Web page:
Are You Prepared for Some Great Food?

By Jeff Lenard   read

No matter where the road takes you, great food can be found at convenience stores.

April 19, 2024

burger-food-art_380x254.jpgTwenty-five years ago, I attended my first NACS committee meeting. What I remember most wasn’t anything from the meeting—it was the lunch.

Not the food, but the conversation waiting in line to get food. A committee member was very animated about the industry’s future. “Foodservice, it’s either going to be our future or it will destroy the industry,” he said. And from his follow-up comments, I could tell that he was leaning toward the latter scenario.

The numbers show he was wrong—and very wrong.

Total industry foodservice sales—which includes prepared food; commissary; and hot, cold and frozen dispensed beverages—represented 26.9% of in-store sales, up 1.3 percentage points in 2023 from the year prior. Profits from foodservice were even more impressive: 37.3% of total in-store profits.

Prepared food, which includes sandwiches, meals and other food prepared onsite, jumped 12.2% in sales to $51,500 per store per month, making it the No. 1 category for all in-store sales in 2023. Let me repeat that: Prepared food is the number one seller inside c-stores.

Convenience stores are now food destinations that happen to sell gas, and for people on the go, whether in the neighborhood or on road trips. It doesn’t seem that long ago (okay, it actually was 1983) when Chevy Chase as Clark Griswold in “National Lampoon’s Vacation” uttered that line, “I’m so hungry I could eat a sandwich from a gas station.”

Today, convenience stores are destinations for sandwiches and all kinds of prepared food. Photojournalist Kate Medley, author of “Thank You Please Come Again,” celebrates the great food that she found driving through the South. My favorite line is in the foreword, “My favorite restaurant served gas.” Take that, Clark Griswold!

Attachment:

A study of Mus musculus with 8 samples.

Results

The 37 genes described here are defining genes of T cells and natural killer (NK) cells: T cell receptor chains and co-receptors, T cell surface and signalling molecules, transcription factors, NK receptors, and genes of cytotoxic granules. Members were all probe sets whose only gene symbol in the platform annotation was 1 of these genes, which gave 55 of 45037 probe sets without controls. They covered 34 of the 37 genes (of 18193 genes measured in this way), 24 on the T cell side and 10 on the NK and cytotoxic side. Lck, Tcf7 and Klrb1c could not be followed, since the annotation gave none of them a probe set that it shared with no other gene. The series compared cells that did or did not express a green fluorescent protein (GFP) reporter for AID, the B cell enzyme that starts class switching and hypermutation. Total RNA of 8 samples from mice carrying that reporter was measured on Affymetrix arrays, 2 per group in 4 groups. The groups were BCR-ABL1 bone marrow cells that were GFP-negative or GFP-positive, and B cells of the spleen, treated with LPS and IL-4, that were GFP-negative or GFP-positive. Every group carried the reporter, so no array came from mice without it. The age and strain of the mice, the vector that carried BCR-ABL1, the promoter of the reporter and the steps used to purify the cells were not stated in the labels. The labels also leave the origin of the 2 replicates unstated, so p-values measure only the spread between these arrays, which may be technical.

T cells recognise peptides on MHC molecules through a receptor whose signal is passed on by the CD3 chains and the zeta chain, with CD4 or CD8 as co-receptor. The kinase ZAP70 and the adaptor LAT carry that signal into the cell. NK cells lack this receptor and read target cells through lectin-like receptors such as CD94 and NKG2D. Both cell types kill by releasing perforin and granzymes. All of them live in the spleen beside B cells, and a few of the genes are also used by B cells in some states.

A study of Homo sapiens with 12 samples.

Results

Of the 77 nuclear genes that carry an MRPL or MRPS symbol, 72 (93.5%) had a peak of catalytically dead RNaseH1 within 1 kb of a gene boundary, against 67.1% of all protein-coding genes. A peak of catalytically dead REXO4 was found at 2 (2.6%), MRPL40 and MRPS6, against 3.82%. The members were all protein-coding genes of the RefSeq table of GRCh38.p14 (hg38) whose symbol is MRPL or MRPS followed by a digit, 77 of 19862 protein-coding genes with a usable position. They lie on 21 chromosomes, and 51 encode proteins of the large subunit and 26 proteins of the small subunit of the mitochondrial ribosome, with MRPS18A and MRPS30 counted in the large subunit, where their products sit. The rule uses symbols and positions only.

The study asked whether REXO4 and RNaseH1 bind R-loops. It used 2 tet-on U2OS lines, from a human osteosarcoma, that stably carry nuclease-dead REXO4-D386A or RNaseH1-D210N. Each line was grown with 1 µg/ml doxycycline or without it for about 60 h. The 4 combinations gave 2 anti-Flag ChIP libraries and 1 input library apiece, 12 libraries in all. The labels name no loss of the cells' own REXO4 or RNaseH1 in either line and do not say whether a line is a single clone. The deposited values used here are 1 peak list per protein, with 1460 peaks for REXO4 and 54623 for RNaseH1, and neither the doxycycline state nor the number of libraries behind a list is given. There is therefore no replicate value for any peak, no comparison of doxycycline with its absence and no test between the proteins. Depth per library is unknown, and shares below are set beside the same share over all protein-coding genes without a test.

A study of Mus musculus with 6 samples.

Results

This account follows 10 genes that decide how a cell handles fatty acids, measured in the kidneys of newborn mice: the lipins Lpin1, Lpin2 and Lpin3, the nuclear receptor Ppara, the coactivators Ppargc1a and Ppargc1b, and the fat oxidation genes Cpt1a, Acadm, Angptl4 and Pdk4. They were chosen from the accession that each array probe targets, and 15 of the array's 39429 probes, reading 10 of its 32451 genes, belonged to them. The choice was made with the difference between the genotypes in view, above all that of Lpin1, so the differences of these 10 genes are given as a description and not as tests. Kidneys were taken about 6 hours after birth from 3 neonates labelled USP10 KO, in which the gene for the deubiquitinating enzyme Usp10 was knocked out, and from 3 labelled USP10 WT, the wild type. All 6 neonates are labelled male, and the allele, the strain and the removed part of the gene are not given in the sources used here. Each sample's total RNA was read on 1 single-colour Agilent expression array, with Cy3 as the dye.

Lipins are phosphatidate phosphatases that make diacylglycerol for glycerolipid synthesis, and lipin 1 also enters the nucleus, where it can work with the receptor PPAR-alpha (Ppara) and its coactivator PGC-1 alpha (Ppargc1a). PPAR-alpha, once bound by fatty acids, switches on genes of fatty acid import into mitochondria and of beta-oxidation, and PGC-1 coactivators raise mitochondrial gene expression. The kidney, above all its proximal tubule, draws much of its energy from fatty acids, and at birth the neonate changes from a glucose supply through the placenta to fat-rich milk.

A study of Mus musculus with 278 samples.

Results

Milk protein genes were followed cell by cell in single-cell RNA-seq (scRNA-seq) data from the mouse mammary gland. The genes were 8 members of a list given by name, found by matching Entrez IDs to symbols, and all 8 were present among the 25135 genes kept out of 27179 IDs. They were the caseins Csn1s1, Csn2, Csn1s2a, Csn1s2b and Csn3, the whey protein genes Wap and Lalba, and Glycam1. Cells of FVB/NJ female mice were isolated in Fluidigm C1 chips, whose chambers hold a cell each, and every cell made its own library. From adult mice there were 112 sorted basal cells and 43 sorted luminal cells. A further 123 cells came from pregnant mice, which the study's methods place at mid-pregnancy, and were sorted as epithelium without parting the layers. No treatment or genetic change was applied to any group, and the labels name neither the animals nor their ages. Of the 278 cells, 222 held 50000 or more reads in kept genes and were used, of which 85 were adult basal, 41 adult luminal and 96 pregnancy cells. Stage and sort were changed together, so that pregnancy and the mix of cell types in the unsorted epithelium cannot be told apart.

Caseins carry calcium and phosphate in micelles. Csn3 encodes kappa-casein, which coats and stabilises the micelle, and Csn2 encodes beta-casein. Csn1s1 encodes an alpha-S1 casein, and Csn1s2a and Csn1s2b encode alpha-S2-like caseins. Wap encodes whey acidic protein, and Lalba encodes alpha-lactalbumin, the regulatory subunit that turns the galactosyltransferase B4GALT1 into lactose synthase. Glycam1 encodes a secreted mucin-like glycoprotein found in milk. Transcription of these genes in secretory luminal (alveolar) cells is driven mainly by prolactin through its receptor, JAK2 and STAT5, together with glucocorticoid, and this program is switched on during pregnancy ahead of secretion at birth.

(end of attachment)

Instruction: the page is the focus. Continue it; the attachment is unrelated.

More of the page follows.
Celebrity Chef Andrew Zimmern, a four-time winner of the James Beard Award (the “Oscar” of restaurant awards), agrees with Kate. On a recent NACS Convenience Matters podcast, he said, “The regional foods that you're able to taste in these convenience stores that are the equal or better than anything that you'll find anywhere else.”

Which brings me to road trips, whether drivers are taking the Wagon Queen Family Truckster to Walley World or visiting family, friends or amazing destinations.

With summer drive season closing in, customers will increasingly be coming to your stores. Some of them are stopping because of desperation—they really need to use the bathroom or get gas—but more of them are stopping because c-stores are the destination (bathroom fueling and the food and beverages they seek out). Food is the key differentiator between those two experiences.

In anticipation of summer drive, we asked consumers a bunch of questions about how they perceive convenience stores, and whether they plan to hit the road this summer.

First, they will be coming inside the store for prepared food. A stunning one in four gas customers (25%) who go inside the store when also buying gas say they purchased a sandwich or meal on that trip.  

And many of these customers will be on road trips. Roughly two in three drivers (62%) say they are likely to take a road trip this summer. Among those who said they are likely to hit the road this year, they would like to travel to a place they’ve never visited before (55%), revisit a place they’ve been to (34%), or they’re undecided (11%). All three options have something in common: These travelers will likely hit a convenience store or two (or more) along the way.

So, how do you make your store the destination for summer travelers who want to share their experiences on the road? Use social media. Celebrate the amazing food you have and create a buzz. And it works.

Last year my colleague Chrissy Blasinsky and I took a five-day road trip with then-NACS Chairman Don Rhoads. Of course, a number of our stops were visiting NACS members, but two stops were because of social media: Spinners, in Sacramento, with remarkable cinnamon buns and other sweet snacks in a 76 gas station. The owners recently sold the business after 36 years, so we were lucky to visit. The other was also in Sacramento: Birria Boys, in a Shell station, also in Sacramento.

The other way to get the word out is to tell some of the other road warriors who celebrate great good at c-stores and gas station. Al Hebert, otherwise known as the Gas Station Gourmet, writes a monthly column in NACS Magazine and has been a regular speaker at NACS events.  Take a look at a few of the places he’s visited. There’s also Stafford Shurden, creator of the video series Gas Station Tailgate Review. There’s nothing like having lunch at a convenience store with them, then driving immediately to another store to have a second lunch at another store…and then an early dinner at a third store.

And, of course, tell us your story so we can celebrate it, whether in print or in person.

See you on the road.

Jeff Lenard’s family supports his road trip requirements: plenty of stops at c-stores, and also allowing everyone to get exactly what they want. And, if you happen to buy a rubber alligator with your food and drink, you’re probably in a Stuckey’s and need to share it on social with Stephanie Stuckey, another noted road warrior.